By Deborah Bailey, Special to the AFRO
Almost one third of Baltimore City Public School (BCPS) students went home early on the first day of school and throughout most of the first week of the new school year, as high temperatures created unbearable conditions in classrooms throughout the city.
City schools issued an alert notifying parents and the community that all schools without air conditioning would close three hours early on Tuesday, Wednesday and Thursday, days when outdoor temperatures swelled above 90 degrees.
“Baltimore City Public Schools has the most outdated building portfolio in the state, including some of the oldest schools and maintenance needs with an estimated cost of $3 billion to address,” said City Schools CEO Sonja Santelises in a statement September 4, the first day of classes in Baltimore City.
Sixty-four BCPSS schools are without air conditioning. Several additional schools also closed early because of problems with air conditioning systems, bringing the total list of early school dismissals to more than 70 schools.
BCPS policy calls for the closure of school on days when the outside heat index reaches 100 degrees by 10:30 am or when the interior temperature of most classrooms in the building reaches 85 degrees and students cannot be relocated. Baltimore City Health Commissioner, Leana Wen issued a code red extreme heat alert through Thursday (Sept. 6). Heat indexes each day through Thursday were expected to exceed 100 degrees.
Meanwhile, Gov. Larry Hogan and his challenger Democratic gubernatorial nominee Ben Jealous, tangled over the hot schools issue this week as each used the first day of school as a platform to talk about the problems in public schools.
Hogan, who has long believed City school’s problems are due, at least in part, to administrative mismanagement, signed an executive order creating an Office of Education Accountability naming Valerie Radomsky, its first executive director.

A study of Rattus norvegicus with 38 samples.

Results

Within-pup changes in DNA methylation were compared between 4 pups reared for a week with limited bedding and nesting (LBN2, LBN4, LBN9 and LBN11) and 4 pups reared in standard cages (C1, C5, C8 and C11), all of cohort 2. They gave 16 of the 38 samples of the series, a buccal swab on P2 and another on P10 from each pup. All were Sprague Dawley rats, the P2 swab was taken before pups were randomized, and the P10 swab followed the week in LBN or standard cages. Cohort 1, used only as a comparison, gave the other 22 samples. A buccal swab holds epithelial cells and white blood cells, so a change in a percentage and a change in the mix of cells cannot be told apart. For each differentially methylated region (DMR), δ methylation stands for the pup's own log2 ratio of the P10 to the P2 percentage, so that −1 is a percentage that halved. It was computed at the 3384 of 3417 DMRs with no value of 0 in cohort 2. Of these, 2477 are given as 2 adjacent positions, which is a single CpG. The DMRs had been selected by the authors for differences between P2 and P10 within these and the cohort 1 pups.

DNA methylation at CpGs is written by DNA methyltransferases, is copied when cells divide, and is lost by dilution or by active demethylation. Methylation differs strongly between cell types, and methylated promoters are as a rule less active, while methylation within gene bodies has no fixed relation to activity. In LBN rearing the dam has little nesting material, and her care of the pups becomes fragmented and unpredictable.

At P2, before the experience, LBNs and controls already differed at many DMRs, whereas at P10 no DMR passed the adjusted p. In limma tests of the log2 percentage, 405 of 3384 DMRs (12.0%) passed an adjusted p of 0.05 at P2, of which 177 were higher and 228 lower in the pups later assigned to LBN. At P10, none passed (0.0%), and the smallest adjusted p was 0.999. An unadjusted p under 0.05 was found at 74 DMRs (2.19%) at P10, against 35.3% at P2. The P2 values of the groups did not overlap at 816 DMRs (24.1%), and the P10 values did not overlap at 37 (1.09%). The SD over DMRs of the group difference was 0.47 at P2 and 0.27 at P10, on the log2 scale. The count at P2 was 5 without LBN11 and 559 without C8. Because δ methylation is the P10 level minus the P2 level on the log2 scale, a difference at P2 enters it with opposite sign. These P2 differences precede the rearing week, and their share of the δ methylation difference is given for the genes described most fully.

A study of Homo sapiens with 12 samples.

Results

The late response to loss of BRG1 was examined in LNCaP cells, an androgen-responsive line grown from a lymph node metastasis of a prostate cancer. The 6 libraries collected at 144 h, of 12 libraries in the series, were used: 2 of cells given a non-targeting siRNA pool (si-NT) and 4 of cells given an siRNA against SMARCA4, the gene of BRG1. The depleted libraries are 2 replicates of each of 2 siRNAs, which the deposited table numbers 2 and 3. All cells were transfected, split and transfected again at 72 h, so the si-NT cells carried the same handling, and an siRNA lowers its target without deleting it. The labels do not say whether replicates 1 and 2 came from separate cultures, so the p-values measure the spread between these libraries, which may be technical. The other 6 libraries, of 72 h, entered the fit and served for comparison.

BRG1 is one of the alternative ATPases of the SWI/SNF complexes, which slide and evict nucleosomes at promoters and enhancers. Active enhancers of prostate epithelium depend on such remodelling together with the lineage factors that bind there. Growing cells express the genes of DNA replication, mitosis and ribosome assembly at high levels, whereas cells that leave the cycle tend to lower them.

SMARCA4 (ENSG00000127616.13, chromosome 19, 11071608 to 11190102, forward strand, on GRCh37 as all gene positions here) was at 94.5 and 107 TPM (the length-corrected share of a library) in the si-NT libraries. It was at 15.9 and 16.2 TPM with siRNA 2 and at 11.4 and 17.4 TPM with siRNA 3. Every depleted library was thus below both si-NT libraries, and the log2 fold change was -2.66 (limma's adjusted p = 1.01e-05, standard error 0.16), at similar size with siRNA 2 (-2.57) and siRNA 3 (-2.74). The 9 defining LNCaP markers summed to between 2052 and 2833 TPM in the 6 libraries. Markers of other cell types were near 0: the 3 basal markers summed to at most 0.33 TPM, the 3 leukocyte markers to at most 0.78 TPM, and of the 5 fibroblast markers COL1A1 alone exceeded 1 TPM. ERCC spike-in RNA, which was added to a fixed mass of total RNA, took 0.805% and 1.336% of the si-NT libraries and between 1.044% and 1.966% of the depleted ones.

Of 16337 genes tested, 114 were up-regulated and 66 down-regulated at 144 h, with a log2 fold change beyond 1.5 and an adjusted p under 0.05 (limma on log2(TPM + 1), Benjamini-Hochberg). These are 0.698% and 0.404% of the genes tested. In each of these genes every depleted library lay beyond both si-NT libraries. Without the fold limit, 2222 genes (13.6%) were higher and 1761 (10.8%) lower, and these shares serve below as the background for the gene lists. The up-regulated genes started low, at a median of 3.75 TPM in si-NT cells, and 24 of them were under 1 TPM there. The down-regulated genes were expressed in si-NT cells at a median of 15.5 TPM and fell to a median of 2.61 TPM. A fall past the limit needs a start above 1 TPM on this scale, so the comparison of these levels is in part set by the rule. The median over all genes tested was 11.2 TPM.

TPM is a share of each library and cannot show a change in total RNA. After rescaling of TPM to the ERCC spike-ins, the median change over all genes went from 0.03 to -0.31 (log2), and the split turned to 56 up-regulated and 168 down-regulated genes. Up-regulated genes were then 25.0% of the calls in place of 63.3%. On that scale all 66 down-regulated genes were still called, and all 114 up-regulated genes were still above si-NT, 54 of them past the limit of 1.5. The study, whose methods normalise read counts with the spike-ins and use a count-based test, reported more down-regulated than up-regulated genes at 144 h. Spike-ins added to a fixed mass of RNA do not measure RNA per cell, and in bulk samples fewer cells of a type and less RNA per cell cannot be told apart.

At a news conference at Radomsky’s office, Hogan cited “a persistent and alarming lack of accountability in local school systems across the state.” Hogan called the heat dilemma in Baltimore City School buildings “outrageous” and placed blame on local officials for not supplying older school buildings with air conditioning.
For the last several summers, Hogan and State Comptroller Peter Franchot have tried to strong arm Baltimore City and County officials into placing air conditioning window units in older school buildings. Santilesis has questioned the utility in spending money for window units, rather than more investment from the state in replacing buildings too old for comprehensive repairs.
Jealous fired back at Hogan, with a first day of school event of his own in Baltimore. Jealous said the crisis with lack of air conditioning in a plurality of BCPS buildings has been created by Hogan’s “failure to lead.”
“This is a time for the governor to be on the ground, putting leaders together,” Jealous said.
Ten Baltimore County schools and school centers across the region were also closed due to excessive heat this week.